My best ride EVER.
Jeeps and buses now shuttle up and down the valley all the way to Muktinath, causing some trekkers to dismiss this section of the Annapurna Circuit as ‘over’.
It’s not over. Most who do it still enjoy the hike down.
Still … cycling is better.
Cycling Annapurna is getting increasingly popular. But it is dangerous.
One guide I cycled alongside had 3 clients: all 3 fell over two days, one evacuated back to the U.K. with a broken collar bone.
Here’s the best easy & inexpensive option, in my opinion.
I did the Muktinath to Tatopani ride in 2014. Enjoyed it so much that I repeated exactly the same trip in 2019.
First you have to make your way to Muktinath (3800m) and be acclimatized to that altitude.
Many offer to rent you a bike. I went again with Mustang, as I like their professionalism. For this trip and 6 years ago the cost was $60 — and you could do the trip in 1, 2, 3, or 4 days for that price. Most do 2 days. They shuttle your luggage to Tatopani.
- Muktinath to Marpha (2650m descent)
- Marpha to Tatopani (1130m descent)
There are several ways down to Kagbeni, all interesting. This time I took the high route via Jhong (Dzong; 3580m) on the other side of the valley from the motor vehicle traffic. Loved it.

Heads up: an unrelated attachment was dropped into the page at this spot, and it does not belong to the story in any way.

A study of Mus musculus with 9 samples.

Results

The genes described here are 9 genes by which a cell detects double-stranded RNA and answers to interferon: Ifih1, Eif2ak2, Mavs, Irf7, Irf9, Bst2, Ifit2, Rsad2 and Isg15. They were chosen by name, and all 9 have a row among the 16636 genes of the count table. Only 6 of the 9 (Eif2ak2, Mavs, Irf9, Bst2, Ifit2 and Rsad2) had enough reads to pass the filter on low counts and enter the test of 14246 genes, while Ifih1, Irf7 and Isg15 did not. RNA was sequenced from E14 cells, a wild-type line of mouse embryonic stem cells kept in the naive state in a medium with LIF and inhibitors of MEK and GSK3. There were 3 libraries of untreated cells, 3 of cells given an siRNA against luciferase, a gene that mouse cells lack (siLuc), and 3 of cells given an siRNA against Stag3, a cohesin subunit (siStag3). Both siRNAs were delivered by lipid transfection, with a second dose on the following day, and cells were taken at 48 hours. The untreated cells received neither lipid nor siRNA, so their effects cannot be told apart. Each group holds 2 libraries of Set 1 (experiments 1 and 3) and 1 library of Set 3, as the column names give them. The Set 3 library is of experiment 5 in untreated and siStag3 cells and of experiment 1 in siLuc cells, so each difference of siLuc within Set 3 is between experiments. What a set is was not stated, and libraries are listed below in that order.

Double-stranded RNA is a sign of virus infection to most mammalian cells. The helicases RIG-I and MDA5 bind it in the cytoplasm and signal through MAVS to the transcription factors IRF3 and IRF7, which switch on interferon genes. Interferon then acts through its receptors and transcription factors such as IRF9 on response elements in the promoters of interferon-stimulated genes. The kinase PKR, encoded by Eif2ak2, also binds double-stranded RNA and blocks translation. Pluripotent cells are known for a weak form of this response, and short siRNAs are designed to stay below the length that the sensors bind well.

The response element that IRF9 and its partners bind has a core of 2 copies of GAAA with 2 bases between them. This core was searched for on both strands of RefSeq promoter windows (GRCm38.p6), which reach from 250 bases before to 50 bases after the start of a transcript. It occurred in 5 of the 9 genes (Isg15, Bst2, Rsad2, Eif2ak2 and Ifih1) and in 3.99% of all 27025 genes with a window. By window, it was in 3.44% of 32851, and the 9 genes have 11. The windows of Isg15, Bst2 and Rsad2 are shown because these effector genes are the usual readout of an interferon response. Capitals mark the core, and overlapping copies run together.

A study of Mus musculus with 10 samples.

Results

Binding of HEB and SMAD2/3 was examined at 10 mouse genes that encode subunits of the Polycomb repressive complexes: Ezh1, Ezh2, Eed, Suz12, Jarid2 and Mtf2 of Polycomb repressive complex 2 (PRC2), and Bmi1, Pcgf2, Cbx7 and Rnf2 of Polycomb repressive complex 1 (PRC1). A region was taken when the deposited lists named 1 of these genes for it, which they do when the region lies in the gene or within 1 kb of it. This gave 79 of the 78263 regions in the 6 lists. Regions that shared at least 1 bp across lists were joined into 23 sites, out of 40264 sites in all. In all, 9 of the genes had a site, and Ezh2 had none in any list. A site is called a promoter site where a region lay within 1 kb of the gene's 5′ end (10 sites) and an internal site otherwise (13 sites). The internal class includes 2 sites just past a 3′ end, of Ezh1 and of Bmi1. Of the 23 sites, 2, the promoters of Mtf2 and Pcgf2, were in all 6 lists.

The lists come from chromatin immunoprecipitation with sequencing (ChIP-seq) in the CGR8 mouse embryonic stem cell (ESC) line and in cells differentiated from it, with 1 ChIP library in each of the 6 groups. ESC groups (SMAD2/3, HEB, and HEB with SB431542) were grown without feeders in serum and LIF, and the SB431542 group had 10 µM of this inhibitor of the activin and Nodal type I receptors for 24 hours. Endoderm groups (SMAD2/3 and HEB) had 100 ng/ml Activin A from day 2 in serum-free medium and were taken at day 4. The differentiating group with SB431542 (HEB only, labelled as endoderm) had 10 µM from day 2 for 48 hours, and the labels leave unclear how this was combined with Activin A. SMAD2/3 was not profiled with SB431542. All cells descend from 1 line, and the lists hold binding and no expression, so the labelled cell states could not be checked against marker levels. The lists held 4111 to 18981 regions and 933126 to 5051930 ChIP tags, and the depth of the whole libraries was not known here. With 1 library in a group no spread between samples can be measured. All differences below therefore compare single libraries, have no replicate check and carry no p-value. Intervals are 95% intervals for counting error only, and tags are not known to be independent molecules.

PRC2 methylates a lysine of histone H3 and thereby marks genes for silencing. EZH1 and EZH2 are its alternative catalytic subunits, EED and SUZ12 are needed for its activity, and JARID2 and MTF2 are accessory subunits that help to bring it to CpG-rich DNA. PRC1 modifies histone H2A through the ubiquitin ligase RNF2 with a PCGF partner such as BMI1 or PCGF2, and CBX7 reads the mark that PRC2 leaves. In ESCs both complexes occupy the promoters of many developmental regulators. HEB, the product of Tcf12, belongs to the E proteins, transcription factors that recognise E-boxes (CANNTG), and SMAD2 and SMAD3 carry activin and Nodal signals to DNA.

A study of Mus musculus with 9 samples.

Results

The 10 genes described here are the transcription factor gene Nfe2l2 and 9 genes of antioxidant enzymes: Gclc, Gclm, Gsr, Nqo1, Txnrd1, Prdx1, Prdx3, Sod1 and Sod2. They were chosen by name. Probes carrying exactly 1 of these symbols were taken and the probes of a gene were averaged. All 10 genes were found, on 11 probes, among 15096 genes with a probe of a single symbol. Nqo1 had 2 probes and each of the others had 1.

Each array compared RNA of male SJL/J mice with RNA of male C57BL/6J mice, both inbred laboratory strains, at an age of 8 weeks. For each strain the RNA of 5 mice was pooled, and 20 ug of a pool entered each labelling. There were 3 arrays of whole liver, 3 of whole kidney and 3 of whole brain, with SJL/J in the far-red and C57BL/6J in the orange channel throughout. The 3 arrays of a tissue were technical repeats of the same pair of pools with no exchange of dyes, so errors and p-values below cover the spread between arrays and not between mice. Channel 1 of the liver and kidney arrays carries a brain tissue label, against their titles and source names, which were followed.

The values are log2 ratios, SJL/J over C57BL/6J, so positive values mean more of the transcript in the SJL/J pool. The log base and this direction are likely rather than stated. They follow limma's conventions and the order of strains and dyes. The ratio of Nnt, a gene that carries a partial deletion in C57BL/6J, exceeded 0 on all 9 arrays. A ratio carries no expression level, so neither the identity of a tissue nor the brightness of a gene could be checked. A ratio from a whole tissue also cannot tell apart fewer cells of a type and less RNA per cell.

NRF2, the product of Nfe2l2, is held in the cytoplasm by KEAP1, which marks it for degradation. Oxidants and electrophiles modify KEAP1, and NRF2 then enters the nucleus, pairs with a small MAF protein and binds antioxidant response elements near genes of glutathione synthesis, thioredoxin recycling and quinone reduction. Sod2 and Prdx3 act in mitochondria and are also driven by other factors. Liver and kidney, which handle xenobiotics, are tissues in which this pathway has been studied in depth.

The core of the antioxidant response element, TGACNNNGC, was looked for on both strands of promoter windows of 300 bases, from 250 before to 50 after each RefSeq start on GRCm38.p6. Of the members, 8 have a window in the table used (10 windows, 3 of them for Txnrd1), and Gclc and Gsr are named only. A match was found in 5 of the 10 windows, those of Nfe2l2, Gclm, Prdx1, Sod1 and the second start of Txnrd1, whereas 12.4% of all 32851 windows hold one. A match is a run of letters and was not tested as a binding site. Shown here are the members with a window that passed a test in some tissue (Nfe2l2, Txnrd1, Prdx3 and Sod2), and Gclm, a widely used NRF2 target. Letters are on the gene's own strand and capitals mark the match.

All day long you are staring at impressive Dhaulagiri (8167m).
Day 1 is dry, arid Tibetan landscape.
You definitely need protection from wind and dust.
You reach fantastic Kagbeni without passing any traffic. But road building is ongoing in the so-called Annapurna Conservation Area.
Riding through Jomsom is ugly and un-fun. But there’s no alternative to the busy main road.
Almost everyone stops in lovely Marpha. I followed the guide and her clients to this Guest House. In fact, I got the room of her injured rider.
Next morning I toured Marpha, the apple capital of Nepal.
… a pretty stone lined village which has survived the transition to the current time, by catering to trekkers and tourists. …
Dominating the village is the Nyingma monastery …
Day 2 you can often choose between the main road (bad), the river (hike-a-bike) or the new Annapurna trekking trail (single track with plenty of ups-and-downs).
I enjoyed it much better than 6 years ago.
The final ride down to Tatopani (hot water) is very, very rough. I’ll post video of that section later.
BUT … it is great to hit the hot springs after 2 long, dusty days.
There’s no easy way out of Tatopani. My first time here I continued trekking to Annapurna Base Camp, a serious commitment. This time I got on the local bus … $5.50 for a 7 hour, very bumpy ride back to Pokhara.